The Socialist Republic of Vietnam joins the world market – official

15SeptOct_helenThere have been calls recently for the inclusion of Vietnam among the MINT economies … the next major set of emerging nations comprised of Mexico, Indonesia, Nigeria and Turkey. V, unfortunately, is hard to fit into that particular acronym.

The Socialist Republic is on the up. If building work, every visitor’s quick guide to the state-of-the-nation, is an accurate indication then it is thriving. In the major cities the din of drills and pile drivers is non-stop.

Better resourced statistical analysis suggests relatively low levels of unemployment, poverty rates and income inequality. There is growth, a drift from rural to urban living, and a middle class getting bigger.

Vietnam opened up to the rest of the world 30 years ago. It has been in the World Trade Organisation for 10 years. Now it has signed the Trans-Pacific Partnership (TPP), the colossal trade agreement between 12 nations including the US at one end of the demographic scale, and Brunei at the other. Tariffs and trade barriers have been swept away in the interests of free trade.

The seed bed for growth is being well tended. Our Country Report provides a deeper insight into the various new challenges and responses as the sector looks to reap what its sows.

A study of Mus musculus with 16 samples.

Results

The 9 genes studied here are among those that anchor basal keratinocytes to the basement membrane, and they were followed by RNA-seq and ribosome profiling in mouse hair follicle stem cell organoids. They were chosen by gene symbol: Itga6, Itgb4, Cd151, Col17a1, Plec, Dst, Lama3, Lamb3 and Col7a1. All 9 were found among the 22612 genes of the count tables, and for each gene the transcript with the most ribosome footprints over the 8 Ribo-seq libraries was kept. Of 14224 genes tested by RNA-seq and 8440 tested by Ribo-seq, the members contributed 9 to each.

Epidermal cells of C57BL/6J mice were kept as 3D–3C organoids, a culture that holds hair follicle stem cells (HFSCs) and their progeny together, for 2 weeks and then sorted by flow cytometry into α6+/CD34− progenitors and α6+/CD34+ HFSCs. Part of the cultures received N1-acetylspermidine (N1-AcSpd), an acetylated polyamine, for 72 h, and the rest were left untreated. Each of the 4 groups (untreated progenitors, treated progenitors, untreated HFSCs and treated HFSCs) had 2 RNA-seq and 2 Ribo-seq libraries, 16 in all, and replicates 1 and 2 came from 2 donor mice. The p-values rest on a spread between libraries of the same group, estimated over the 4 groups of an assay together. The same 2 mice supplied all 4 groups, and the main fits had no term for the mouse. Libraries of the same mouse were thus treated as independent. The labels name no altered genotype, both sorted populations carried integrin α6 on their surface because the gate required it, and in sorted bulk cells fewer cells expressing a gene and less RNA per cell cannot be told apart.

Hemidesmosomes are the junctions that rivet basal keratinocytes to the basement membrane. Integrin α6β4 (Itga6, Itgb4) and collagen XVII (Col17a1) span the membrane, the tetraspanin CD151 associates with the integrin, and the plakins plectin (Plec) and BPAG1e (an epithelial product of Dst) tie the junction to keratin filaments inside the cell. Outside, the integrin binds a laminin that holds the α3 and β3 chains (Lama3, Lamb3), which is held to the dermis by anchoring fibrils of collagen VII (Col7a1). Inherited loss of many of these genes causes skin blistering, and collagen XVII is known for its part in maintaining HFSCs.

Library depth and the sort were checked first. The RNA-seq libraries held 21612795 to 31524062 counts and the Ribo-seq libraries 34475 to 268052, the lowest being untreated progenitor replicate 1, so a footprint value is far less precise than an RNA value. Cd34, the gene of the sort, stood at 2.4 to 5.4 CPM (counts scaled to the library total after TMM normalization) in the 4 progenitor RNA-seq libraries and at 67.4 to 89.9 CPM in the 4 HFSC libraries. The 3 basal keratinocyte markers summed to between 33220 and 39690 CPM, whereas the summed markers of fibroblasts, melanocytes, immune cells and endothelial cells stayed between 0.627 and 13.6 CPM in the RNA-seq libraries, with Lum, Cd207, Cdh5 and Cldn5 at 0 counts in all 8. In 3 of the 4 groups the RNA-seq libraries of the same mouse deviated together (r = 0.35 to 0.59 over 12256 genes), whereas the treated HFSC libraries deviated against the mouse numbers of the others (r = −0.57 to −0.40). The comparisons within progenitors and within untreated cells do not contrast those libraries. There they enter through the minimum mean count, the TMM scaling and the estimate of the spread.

Nguyen Van Quan at Song Duong, on the verge of privatisation, explains the company’s major realignment towards the domestic market prompted by consumers developing a taste for better quality tissue.

For Vu Ngoc Bao, vice chairman and secretary general of Vietnam’s Pulp & Paper Association, a still weak economy needs the stimulus of investment in skills and processing for the country to add value to products generated from its impressive natural resources. TPP is a big step in that direction.

JP CORELEX VIETNAM’s Masahiko Nagata is coming to terms with the differences between Japan’s and Vietnam’s tissue industries and cultural habits: his home nation consumers demanding quality products, and Vietnam a developing economy in which until fairly recently a large percentage of the population was still to come across tissue for the first time.

It makes for a fascinating prospectus.